Apple, the U.S.-based BigTech giant, showed its complicity with the Chinese Communist regime in the religious persecution of its citizens by giving in to pressure to remove apps with biblical and Koranic content. 

Several reports confirmed that during the last week the most popular religious apps in China were removed from the Apple Store at the request and pressure of the Chinese Communist Party (CCP).

Both Bible App, a Bible study app made by Olive Tree, and Quran Majeed, developed by PDMS, were removed from Apple’s Chinese app store on Tuesday, Oct. 12.

The move was originally exposed by Apple Censorship, a website dedicated to tracking and reporting on apps removed from Apple’s store.

“With @Apple, all religions are equal : Both Bible and Quran apps were recently removed from China’s,” a message from Apple Censorship on Twitter on Tuesday read.

Quran Majeed is available worldwide and is used daily by millions of Muslims who practice their Faith. China was no exception, until a few days ago.

PDMS, the maker of the app, spoke to the BBC and said

“According to Apple, our app Quran Majeed has been removed from the China App store because it includes content that requires additional documentation from Chinese authorities.”

“We are trying to get in touch with the Cyberspace Administration of China and relevant Chinese authorities to get this issue resolved,” they added.

While the CCP officially recognizes Islam as a religion, reports abound indicating persecution of its followers. Especially the Uyghur Muslims of the Xinjiang region, who are victims of a real genocide by the communist regime.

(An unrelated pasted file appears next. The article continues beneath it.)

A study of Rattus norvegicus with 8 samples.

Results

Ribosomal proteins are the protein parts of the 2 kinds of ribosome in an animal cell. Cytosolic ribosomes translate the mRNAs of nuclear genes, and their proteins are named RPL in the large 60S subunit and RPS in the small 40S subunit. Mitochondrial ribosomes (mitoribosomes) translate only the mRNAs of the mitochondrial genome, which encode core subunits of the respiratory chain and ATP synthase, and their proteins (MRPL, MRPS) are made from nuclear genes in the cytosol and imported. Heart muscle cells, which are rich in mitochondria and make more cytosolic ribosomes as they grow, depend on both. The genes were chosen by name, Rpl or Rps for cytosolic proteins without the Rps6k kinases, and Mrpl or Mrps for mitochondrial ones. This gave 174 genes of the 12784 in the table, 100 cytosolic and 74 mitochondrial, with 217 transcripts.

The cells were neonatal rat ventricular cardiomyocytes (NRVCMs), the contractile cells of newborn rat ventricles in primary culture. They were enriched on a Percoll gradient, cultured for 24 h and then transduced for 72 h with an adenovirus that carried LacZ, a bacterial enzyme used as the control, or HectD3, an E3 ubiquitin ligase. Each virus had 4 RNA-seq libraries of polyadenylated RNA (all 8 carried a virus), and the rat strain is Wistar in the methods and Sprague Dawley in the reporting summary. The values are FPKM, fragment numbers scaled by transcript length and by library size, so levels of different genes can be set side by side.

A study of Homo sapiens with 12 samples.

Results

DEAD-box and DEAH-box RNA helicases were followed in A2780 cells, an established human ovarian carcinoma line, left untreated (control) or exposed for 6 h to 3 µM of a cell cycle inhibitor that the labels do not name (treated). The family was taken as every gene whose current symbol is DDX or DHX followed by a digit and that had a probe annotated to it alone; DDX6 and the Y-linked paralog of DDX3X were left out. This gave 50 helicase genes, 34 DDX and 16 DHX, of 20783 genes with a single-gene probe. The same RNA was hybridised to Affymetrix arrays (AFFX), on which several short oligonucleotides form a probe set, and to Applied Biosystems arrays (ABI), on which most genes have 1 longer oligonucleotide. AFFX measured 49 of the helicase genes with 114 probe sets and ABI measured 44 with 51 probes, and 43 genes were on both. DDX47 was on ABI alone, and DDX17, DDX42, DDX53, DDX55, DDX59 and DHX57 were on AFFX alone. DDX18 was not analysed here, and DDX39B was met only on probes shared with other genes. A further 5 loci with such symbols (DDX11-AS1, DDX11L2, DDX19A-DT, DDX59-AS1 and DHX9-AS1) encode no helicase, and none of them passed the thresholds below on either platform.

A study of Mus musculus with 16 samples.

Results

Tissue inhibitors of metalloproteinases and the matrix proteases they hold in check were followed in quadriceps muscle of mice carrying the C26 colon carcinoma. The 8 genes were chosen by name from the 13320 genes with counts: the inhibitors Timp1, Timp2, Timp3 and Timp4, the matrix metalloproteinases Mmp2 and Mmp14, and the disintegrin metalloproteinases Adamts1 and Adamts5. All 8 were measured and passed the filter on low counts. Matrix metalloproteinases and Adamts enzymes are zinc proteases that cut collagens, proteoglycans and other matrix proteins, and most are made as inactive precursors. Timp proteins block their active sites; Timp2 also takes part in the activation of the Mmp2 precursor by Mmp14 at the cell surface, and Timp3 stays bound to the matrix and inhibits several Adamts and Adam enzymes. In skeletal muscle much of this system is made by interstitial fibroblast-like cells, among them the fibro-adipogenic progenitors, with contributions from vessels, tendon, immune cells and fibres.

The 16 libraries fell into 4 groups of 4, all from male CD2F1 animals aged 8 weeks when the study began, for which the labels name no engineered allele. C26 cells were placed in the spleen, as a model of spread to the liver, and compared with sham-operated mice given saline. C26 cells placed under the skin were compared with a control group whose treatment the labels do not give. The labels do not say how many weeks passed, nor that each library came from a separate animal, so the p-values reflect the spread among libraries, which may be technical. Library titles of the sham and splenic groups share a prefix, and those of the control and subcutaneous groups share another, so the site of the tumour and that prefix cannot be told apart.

For its part, Olive Tree, the maker of the Bible App Bible study app, said its app was removed from Apple’s Chinese app store because the company was not authorized by the regime to distribute its content.

“Olive Tree Bible Software was informed during the App Store review process that we are required to provide a permit demonstrating our authorization to distribute an app with book or magazine content in mainland China,” a company spokesperson said.

Apple has deepened its relationship with the Chinese regime over the past few years after gaining entry into the Asian market.

Apple is even alleged to have ties to Chinese-supervised forced labor programs involving the Uighur Muslim minority in the country’s Xinjiang province.

Colorado Republican Representative Ken Buck sent a letter in June 2021 to Apple CEO Tim Cook detailing the company’s human rights record and incidents over the past year and requesting clarification on allegations linking Apple to forced labor in China.

The New York Times reported earlier this year that Apple removes apps in China if the Chinese government deems them banned. Topics that the apps cannot discuss include Tiananmen Square, the Chinese spiritual movement Falun Gong, the Dalai Lama, and the independence of Tibet and Taiwan.

Prior to the removal of the apps, LinkedIn’s decision to shut down its social networking services in China had been publicized, citing increased pressure from the Chinese regime to establish guidelines and censorship.